Corporate Banner
Satellite Banner
Genomics
Scientific Community
 
Become a Member | Sign in
Home>News>This Article
  News
Return

Dosing Initiated in Phase I/II Clinical Trial of APR-246 in Ovarian Cancer

Published: Thursday, April 17, 2014
Last Updated: Thursday, April 17, 2014
Bookmark and Share
Promising data from trial has been presented in Journal of Clinical Oncology.

Aprea AB has announced that dosing has begun in the Phase I/II proof-of-concept clinical trial of APR-246 in combination with chemotherapy in patients with relapsed platinum sensitive high grade serous ovarian cancer. Aprea is a Karolinska Development AB portfolio company.

Cancers develop and spread due to the malfunction of the cells’ normal growth control mechanisms. One of the best-known cancer genes is p53 that can trigger the cellular suicide program to eliminate cancer cells. In about half of all tumors, p53 is mutated and no longer functions normally. This allows cancer cell survival and rapid tumor growth.

Aprea has successfully developed substances that can restore normal function to the p53 protein and thereby induce efficient cancer cell death and overcome resistance to antitumoral therapy. To the company’s knowledge, APR-246 is the only compound with this mechanism of action in clinical development.

"Ovarian cancer has a poor prognosis, as the disease is often fairly advanced by the time these patients experience their first symptoms. Present therapies for recurrent ovarian cancer have little impact on survival, and we are eager to evaluate whether APR-246 can extend the efficacy of second line therapy", said John A Green, Principal Investigator of the clinical trial.

"The synergistic effects of APR-246 and carboplatin have resulted in very potent antitumor activity in preclinical models. We now look forward to evaluate the compound’s safety profile and clinical activity in combination treatment of ovarian cancer patients", said Ulf Björklund, CEO at Aprea.

APR-246 has previously been tested in a clinical Phase I/II trial in 32 patients with refractory hematological malignancies or prostate carcinoma.

“We are excited about this trial and will follow it with great interest. About 60% of all ovarian cancer patients have mutated p53 and ovarian cancer patients with p53 mutations are less responsive to platinum than patients with wild type p53. Thus, it is an indication where Aprea’s APR-246 could make a difference for these patients with a great need for better treatment”, said Torbjörn Bjerke, CEO of Karolinska Development.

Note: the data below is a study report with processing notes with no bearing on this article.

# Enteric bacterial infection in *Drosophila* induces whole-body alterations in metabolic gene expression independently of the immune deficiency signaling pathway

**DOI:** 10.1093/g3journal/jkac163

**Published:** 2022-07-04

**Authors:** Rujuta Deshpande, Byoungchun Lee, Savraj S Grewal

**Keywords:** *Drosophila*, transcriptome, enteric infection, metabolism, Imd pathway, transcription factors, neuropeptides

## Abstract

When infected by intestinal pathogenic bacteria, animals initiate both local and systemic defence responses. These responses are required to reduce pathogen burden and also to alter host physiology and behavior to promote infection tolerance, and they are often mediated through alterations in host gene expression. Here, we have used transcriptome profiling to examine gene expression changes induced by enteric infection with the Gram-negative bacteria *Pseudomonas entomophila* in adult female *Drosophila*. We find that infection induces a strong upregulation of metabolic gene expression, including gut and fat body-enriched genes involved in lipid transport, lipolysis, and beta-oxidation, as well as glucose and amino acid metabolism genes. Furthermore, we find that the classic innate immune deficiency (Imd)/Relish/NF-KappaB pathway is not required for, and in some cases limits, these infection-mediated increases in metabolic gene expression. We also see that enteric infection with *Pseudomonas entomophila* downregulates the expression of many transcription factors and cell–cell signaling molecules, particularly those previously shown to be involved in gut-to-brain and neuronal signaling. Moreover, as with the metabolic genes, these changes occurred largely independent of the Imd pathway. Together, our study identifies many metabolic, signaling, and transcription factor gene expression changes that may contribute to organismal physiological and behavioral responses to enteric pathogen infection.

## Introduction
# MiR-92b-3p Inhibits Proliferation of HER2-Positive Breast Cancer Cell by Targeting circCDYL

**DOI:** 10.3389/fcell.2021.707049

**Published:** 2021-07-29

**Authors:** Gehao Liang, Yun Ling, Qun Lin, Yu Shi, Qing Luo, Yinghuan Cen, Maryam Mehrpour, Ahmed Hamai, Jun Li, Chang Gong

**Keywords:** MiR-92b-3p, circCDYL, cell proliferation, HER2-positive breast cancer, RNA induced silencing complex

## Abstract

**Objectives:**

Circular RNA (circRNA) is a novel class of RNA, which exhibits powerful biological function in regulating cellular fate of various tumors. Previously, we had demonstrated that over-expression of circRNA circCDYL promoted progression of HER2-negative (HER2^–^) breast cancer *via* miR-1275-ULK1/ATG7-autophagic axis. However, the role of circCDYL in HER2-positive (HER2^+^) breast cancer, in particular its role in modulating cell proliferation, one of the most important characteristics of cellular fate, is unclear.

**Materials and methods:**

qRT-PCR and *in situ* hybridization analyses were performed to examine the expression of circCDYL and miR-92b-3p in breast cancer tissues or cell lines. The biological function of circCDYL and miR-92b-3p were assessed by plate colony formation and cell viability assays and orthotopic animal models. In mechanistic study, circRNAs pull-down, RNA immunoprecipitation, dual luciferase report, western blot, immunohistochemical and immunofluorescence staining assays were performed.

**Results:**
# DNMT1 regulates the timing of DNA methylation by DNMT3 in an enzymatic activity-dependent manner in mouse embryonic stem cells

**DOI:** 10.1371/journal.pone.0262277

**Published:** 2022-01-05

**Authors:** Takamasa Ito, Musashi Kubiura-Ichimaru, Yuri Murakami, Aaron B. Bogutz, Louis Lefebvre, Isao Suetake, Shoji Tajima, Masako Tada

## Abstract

Further Information

Join For Free

Access to this exclusive content is for Technology Networks Premium members only.

Join Technology Networks Premium for free access to:

  • Exclusive articles
  • Presentations from international conferences
  • Over 4,000+ scientific posters on ePosters
  • More than 5,300+ scientific videos on LabTube
  • 35 community eNewsletters


Sign In



Forgotten your details? Click Here
If you are not a member you can join here

*Please note: By logging into TechnologyNetworks.com you agree to accept the use of cookies. To find out more about the cookies we use and how to delete them, see our privacy policy.

Related Content

Aprea Presents Preliminary Clinical Phase Ib/II Results in Ovarian Cancer at AACR
Company presents results with APR-246 - a novel candidate drug that restores mutant p53 protein into its wild-type function.
Tuesday, April 21, 2015
Aprea Presents Preclinical Data at AACR
Data reveals that APR-246 resensitizes ovarian cancer cells to platinum compounds and doxorubicin.
Tuesday, April 08, 2014
Scientific News
Big Genetics in BC: The American Society for Human Genetics 2016 Meeting
Themes at this year's meeting ranged from the verification, validation, and sharing of data, to the translation of laboratory findings into actionable clinical results.
Cancer Genetics: Key to Diagnosis, Therapy
When applied judiciously, cancer genetics directs caregivers to the right drug at the right time, while sparing patients of unnecessary or harmful treatments.
Diabetes Missing Link Discovered
Researchers from the University of Auckland have shown that beta catenin plays a vital role in the control of insulin release from the pancreas.
Study Reveals New Role for Hippo Pathway in Suppressing Cancer Immunity
Hippo pathway signaling regulates organ size by moderating cell growth, apoptosis and stem cell renewal, but dysregulation contributes to cancer development.
Gene Editing Yields Tomatoes That Ripen Weeks Earlier
Research team develop method to make tomato plants flower and ripen fruit two weeks faster than current growth rates.
Exploring the Genome of the River Blindness Parasite
Researchers have decoded the genome of the parasite that causes the skin and eye infection known as river blindness.
Gene-Editing Improves Vision in Blind Rats
Scientists developed a targeted gene-replacement technique that can modify genes in both dividing and non-dividing cells in living animals.
Unexpected Role for Epigenetic Enzymes in Cancer
Researchers use epigenetics to identify the role of an enzyme family as regulators of genetic message interpretation in yeast.
Genetic Links to Brain Cancer Cell Growth
Researchers discover clues to tumour behaviour from genetic differences between brain cancer cells and normal tissue cells.
Gene Therapy Maintains Clotting Factor for Hemophilia Patients
Following a single gene therapy dose, the highest levels of an essential blood clotting factor IX were observed in hemophilia B patients.
Skyscraper Banner

SELECTBIO Market Reports
Go to LabTube
Go to eposters
 
Access to the latest scientific news
Exclusive articles
Upload and share your posters on ePosters
Latest presentations and webinars
View a library of 1,800+ scientific and medical posters
4,000+ scientific and medical posters
A library of 2,500+ scientific videos on LabTube
5,300+ scientific videos
Close
Premium CrownJOIN TECHNOLOGY NETWORKS PREMIUM FOR FREE!